Is the brain bayesian?

I was interested in a post on Mind Hacks about looking at the brain as a Bayesian probability machine. The aspect that got me was the modeling and the importance of prediction.

I was reminded of ideas that I wrote down in the early 80’s.

“We can view ourselves as having a nervous system with many functions, one of the major ones being the function of ‘mind’. The mind function consists of building, maintaining and refining a model of reality; using the model to predict, plan, decide, initiate and control responses to the world; storing an edited form of the model as a memory of experience for comparison and learning. During introspection we only have access to consciousness, the memory being formed, and not the model itself.”

The Mind Hacks post reviews an article from the New Scientist by Gregory T. Huang about the work of Friston and Hinton at UCL:

 

(Bayesian statistics) “asks the question ‘what is the probability of the belief being true, given the data so far?’. The NewSci article looks at the work neuroscientist Karl Friston, who increasingly believes that from the level of neurons to the level of circuits, the brain operates as if it uses Bayesian statistics. The essential idea is that the brain makes models upon which it bases predictions, and these models and predictions are updated in a Bayesian like-way as new information becomes available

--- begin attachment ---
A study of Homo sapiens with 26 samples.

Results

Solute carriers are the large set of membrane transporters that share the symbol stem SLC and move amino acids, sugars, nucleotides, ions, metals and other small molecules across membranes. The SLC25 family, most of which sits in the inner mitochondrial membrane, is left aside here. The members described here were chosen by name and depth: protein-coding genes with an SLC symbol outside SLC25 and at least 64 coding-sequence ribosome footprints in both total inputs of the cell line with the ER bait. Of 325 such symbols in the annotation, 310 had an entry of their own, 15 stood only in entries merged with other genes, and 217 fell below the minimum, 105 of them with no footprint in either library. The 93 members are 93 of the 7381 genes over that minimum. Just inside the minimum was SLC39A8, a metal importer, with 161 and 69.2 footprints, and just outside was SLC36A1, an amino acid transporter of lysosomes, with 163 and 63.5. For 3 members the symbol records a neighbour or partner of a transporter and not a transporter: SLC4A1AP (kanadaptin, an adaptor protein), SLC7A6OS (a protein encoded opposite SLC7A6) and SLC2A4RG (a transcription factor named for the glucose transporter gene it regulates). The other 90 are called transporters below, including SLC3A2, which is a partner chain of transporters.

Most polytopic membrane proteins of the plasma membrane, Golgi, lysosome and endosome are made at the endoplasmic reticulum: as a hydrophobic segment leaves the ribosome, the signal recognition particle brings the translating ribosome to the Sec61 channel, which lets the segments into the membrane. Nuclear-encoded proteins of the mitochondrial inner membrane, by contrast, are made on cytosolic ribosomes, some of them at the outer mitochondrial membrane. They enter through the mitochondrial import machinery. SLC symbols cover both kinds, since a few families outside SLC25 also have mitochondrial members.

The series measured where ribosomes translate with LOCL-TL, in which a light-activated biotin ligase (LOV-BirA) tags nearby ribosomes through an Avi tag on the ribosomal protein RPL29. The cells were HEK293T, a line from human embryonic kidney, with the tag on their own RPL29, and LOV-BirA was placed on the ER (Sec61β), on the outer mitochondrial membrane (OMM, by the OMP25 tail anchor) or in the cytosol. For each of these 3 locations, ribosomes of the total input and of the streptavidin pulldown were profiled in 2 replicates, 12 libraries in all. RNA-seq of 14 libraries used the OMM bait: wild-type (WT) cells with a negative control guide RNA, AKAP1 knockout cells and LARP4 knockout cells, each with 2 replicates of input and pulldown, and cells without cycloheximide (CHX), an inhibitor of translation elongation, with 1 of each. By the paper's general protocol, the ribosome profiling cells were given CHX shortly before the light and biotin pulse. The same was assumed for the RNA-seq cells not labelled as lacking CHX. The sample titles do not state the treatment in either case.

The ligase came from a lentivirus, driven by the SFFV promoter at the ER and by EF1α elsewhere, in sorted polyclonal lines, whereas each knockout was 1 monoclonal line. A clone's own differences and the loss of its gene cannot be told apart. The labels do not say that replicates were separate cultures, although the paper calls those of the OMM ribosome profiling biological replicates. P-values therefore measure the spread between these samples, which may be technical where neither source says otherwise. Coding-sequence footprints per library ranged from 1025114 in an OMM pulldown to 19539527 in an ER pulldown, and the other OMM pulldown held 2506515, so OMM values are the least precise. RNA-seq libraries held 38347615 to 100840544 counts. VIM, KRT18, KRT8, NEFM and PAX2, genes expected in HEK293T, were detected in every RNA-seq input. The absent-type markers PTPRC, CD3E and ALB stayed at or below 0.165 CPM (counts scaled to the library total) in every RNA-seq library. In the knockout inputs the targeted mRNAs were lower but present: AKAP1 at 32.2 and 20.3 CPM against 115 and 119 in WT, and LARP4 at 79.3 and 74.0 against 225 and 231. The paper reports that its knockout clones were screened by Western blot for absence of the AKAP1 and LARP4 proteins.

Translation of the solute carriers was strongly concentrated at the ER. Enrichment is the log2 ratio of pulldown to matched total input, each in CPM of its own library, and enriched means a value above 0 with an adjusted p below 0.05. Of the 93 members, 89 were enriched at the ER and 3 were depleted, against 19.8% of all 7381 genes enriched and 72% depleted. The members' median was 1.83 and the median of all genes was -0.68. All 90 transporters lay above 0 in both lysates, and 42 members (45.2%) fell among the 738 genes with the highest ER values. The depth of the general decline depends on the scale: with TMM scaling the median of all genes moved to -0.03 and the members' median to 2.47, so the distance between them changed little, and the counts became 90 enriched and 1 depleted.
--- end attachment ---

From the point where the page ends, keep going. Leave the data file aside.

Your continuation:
Picture the brain’s circuits working to minimize the prediction error of a reality model and doing this by using feedback loops. I envisaged a different type of feedback (something on that in future posts) but the principle is very similar.

 

“Friston created a computer simulation of the cortex with layers of “neurons” passing signals back and forth. Signals going from higher to lower levels represent the brain’s internal predictions, while signals going the other way represent sensory input. As new information comes in, the higher neurons adjust their predictions according to Bayesian theory. This may seem awfully abstract, but there’s a concrete reason for doing it: it tells Friston what patterns of activity to look for in real brains.”

 

It is great to look forward to this and similar ideas being experimentally tested!!